3 min read
09 Jan

Finding the time to read governmental reports is something I’m not good at. So I made a big effort over the break to get to grips with one that I’ve been carrying around with me since its publication last Autumn. It’s called Cracking the code: how schools can improve social mobility. Produced by the Social Mobility and Child Poverty Commission it paints a bleak picture in terms of the life chances of those children who are disadvantaged. As a white British, free-school meal, summer-born boy myself who grew up on a council estate in a coastal town, I read with interest that I should at worse be in prison and at best living in Benefits Street. The fact that I’m able to write this now should merit much mirth and mayhem.

I was the lucky one it seems – the one in five. The report states that disadvantaged pupils (i.e. free-school meal eligibility) are twenty per cent less likely to achieve a combined Level four at the end of key stage two than their peers. This increases to 37% when it comes to achieving five good GCSEs. This comes as no surprise within the context of what we know about the impact of social mobility. What is surprising though is that teachers appear reluctant to want to come and teach them. According to the report, only fifteen per cent of teachers said that they would actively seek out a future role at a school that was more challenging than the one at which they already taught. This is particularly worrying for those schools (like ours) where deprivation is high; how do we go about recruiting the very best teachers?

The concept of social mobility has always fascinated me. It’s why I’m one of the fifteen per cent mentioned above, having only ever worked in challenging inner city multicultural schools, several of which have been in special measures. It forever infuriates me when I hear teachers and senior leaders blaming poor performance on the fact that their pupils do not speak English or are asylum seekers or claiming free-school meals. This deficit model is simply not good enough and should not be tolerated. As much maligned as it is, one good thing about Ofsted is that it pulls no punches when it comes to being critical about the leadership of such schools. Quite often, being placed into special measures is the best thing that can happen to a school if it means the children are to be dealt a fair hand. And that, I see is very much my role as an educator – to ensure that each and every pupil is given a fair pack of cards. The reality of life of course is that they are not (hence the concept of social mobility). What I must therefore strive to do is to see that their hand is stacked so as to give them an advantage.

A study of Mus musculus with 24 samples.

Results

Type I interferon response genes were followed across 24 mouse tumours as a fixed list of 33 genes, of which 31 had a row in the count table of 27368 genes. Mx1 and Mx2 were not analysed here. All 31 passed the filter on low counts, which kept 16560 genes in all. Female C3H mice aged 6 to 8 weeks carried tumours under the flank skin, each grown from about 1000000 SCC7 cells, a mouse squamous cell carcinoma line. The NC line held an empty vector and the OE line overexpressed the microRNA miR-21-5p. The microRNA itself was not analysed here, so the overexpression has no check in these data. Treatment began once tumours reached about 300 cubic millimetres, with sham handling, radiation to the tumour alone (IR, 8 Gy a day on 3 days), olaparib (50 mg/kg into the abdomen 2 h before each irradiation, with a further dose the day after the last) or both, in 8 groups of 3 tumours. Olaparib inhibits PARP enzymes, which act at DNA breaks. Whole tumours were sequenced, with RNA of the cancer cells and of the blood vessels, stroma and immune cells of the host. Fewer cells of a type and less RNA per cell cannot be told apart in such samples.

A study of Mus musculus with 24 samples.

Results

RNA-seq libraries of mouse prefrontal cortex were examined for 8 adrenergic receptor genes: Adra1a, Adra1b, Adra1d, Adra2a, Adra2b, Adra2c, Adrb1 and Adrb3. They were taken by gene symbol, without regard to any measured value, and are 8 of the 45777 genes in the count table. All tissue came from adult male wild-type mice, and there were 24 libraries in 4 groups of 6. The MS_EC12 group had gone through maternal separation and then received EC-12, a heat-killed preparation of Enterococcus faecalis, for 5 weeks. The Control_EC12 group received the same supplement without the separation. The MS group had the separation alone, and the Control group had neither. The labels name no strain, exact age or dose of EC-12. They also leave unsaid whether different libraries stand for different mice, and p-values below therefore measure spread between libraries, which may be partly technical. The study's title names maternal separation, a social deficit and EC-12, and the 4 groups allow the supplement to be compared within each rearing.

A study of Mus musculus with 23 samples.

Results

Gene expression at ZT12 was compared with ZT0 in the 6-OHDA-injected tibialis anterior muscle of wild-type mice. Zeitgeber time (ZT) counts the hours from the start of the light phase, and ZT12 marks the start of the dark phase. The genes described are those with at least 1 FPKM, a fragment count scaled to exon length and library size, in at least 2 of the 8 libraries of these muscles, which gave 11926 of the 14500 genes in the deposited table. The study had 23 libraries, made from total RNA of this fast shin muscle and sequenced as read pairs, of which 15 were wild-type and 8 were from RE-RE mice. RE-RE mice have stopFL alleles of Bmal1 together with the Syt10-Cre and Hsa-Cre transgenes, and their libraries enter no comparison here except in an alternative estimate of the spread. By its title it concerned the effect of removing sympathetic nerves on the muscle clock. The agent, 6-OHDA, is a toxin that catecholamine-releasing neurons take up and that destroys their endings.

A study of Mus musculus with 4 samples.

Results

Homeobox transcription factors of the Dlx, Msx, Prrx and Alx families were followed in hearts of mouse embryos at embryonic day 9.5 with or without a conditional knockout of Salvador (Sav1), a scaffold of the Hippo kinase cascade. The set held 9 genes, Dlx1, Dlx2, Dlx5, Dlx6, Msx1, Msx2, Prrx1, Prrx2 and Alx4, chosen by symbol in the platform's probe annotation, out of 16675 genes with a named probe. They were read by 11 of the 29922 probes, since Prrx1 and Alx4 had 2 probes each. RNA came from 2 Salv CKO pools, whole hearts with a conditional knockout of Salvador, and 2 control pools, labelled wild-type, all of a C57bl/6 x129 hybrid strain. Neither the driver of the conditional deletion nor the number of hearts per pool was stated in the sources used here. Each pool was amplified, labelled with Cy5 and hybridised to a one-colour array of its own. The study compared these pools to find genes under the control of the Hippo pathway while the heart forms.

This is essential in terms of meeting one of the two definitions of social mobility outlined in the report. It is what is referred to as ‘relative’ social mobility, or the likelihood of a disadvantaged young person getting a ‘good’ job when compared with others. This looks unlikely at the age of 11 for a child who is in the twenty per cent referred to above who did not achieve well at the end of primary school.  The second type of social mobility is the ‘absolute’ variety. This occurs when a disadvantaged child goes on to get a job as an adult where their income is greater relative to that of their parents.

The report makes five main recommendations that it claims will increase the likelihood of both of the above scenarios occurring. Those of you working in outstanding schools are probably doing them well already:

  1. Strategic use of pupil premium funding
  2. High expectations that demand an inclusive culture
  3. Incessant focus on the quality of teaching
  4. Tailored strategies to engage parents
  5. Preparing students for all aspects of life, not just for exams

Any school that adopts the above themes as the basis for a school development plan would be well placed. I shall certainly re-visit our priorities to see if we can sharpen the saw in any way as they are as equally relevant for an outstanding school as they are for a school in a category. Where the report is particularly useful is that it gives examples of effective strategies that high-performing schools (referred to as ’code breakers’) have used to close the attainment gap. For example, introducing peer-mentoring programmes as a means of improving the quality of teaching. Unfortunately, the report fails to acknowledge who these schools are so we can’t go and visit them and imitate what they do. If you are reading this blog and are one of those schools, please do reveal yourself.

As well as not being good at reading governmental reports, I’m equally remiss at agreeing New Year resolutions. However, I am going to try to make an exception in 2015. I am determined more than ever to get to grips with the social mobility agenda and to try and crack it. I’m not sure how long it will take, or if indeed I’ll get anywhere near to doing so. But one thing I am convinced of is that as far as moral imperatives go, there can be none more compelling than cracking the code.